Long ago, during a discussion about making processes more efficient a lady from BT came up with a comment that still lives on. “If you want to make a process shorter and more efficient, find the laziest person you can and give them the job.” They are, after all, always trying to cut corners.
This slightly counter-intuitive idea is reflected across many areas of business. One of them is the bill.
Because the bill is the focal point of a business – its shop window, to some extent – it is obviously important to get right. The problem is that for the same, shop windowy, reasons every department that has a say in what goes onto a bill wants to put more and more information in it. Product Managers are keen to get as much information and detail as they can, Legal needs its disclaimers and messages, Marketing wants to promote a special offer. And Billing knows that the bill must be as clear and simple as possible.
Obviously, this dilemma can be solved to some extent with online bills. Send a summary to the customer and if anything catches his eye as being odd, links within the summary will take him to the detail.
A question came up recently that was intriguing. Do we actually have to send out bills, or notifications that bills are online?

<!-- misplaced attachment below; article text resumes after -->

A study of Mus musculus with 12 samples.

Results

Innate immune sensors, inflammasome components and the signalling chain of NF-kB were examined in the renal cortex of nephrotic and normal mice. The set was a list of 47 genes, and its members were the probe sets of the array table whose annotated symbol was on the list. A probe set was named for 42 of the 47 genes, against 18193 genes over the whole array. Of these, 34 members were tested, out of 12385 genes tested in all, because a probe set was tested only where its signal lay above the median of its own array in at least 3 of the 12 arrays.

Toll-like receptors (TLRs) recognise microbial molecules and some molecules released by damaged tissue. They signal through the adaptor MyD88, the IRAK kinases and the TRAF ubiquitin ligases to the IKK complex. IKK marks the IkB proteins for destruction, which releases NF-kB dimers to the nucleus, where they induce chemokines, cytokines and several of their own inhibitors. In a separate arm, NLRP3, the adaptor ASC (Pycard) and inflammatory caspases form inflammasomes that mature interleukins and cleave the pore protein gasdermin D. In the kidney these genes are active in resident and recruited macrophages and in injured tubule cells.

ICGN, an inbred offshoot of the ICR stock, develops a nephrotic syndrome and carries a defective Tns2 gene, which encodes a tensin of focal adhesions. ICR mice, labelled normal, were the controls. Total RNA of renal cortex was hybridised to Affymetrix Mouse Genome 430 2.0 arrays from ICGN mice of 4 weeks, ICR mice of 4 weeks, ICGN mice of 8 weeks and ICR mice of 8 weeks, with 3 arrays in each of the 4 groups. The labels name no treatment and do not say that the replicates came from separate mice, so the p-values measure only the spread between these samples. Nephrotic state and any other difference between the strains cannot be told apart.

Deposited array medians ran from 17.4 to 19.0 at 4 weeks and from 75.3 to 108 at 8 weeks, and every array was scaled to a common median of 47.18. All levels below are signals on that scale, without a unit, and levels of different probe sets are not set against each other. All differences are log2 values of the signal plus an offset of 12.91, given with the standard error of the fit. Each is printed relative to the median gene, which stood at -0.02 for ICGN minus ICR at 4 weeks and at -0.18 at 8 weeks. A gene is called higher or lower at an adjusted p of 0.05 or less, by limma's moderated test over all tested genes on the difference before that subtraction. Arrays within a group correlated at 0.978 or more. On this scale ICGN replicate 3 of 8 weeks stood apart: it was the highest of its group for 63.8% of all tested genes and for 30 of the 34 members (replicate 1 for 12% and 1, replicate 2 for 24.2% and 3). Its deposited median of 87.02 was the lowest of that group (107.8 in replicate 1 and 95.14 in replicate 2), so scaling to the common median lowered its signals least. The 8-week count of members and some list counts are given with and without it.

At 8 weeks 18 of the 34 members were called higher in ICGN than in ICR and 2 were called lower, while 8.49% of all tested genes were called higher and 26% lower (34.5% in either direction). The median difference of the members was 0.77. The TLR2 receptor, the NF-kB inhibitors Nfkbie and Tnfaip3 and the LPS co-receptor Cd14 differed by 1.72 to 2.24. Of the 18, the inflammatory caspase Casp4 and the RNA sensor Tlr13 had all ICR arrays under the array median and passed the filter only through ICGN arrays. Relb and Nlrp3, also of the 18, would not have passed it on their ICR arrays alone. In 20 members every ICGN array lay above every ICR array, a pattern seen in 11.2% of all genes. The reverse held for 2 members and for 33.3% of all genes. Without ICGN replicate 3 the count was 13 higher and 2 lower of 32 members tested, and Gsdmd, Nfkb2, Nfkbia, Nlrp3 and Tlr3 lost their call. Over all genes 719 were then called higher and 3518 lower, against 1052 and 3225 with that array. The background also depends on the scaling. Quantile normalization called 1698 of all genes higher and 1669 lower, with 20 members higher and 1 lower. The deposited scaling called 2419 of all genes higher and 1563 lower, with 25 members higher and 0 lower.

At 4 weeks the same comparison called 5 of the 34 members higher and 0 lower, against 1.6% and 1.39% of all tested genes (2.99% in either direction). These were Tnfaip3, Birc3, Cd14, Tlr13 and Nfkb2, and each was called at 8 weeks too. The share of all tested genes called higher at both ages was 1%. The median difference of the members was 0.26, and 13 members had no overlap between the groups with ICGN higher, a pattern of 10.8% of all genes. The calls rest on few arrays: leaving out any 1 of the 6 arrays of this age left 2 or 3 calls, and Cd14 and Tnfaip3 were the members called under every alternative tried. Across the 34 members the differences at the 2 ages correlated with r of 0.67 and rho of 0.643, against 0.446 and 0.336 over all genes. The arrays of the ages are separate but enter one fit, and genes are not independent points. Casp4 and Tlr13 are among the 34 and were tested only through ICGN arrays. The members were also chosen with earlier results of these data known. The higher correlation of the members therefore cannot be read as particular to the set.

One operator in Central Europe had a production problem just ahead of the bills being processed and so he didn’t, as he normally did, send an SMS to alert customers that their bill was ready to look at. Several days later he met the head of customer service in the corridor, who mentioned that it had been a quiet few days, did the Billing Manager have any ideas about why that might be.
The answer was that, because they had not drawn customers’ attention to the fact that their bill was ready, the customers did not look at the bill, frown and call the company for clarification. Calls, in fact, were down by 10 percent.
The conclusion was that by not alerting customers the call centre costs dropped dramatically, so they stopped sending alerts when bills were ready. Is this acceptable behaviour? Do we have an obligation to actually send a bill?
The answer in this specific case was that “very few customers actually look at their bills. What they do look at is their bank statements.” The fact that they are available online and can be looked at if a problem becomes apparent from a bank statement seems to be enough. The Regulator might have a view, but it is an interesting idea.
It is a little like the Law of Unintended Consequences.
There is a huge debate in the US at the moment about overage fees, which, we are pleased to say, are quickly becoming a thing of the past. Even though the ‘dark’ revenues from overage fees is substantial (around $1 billion it seems), the customer experience benefits of not charging overage, plus the reduction in numbers of calls to the Call Centre in itself saves significant amounts of money.
There is never a wrong time to look at processes and strategies again.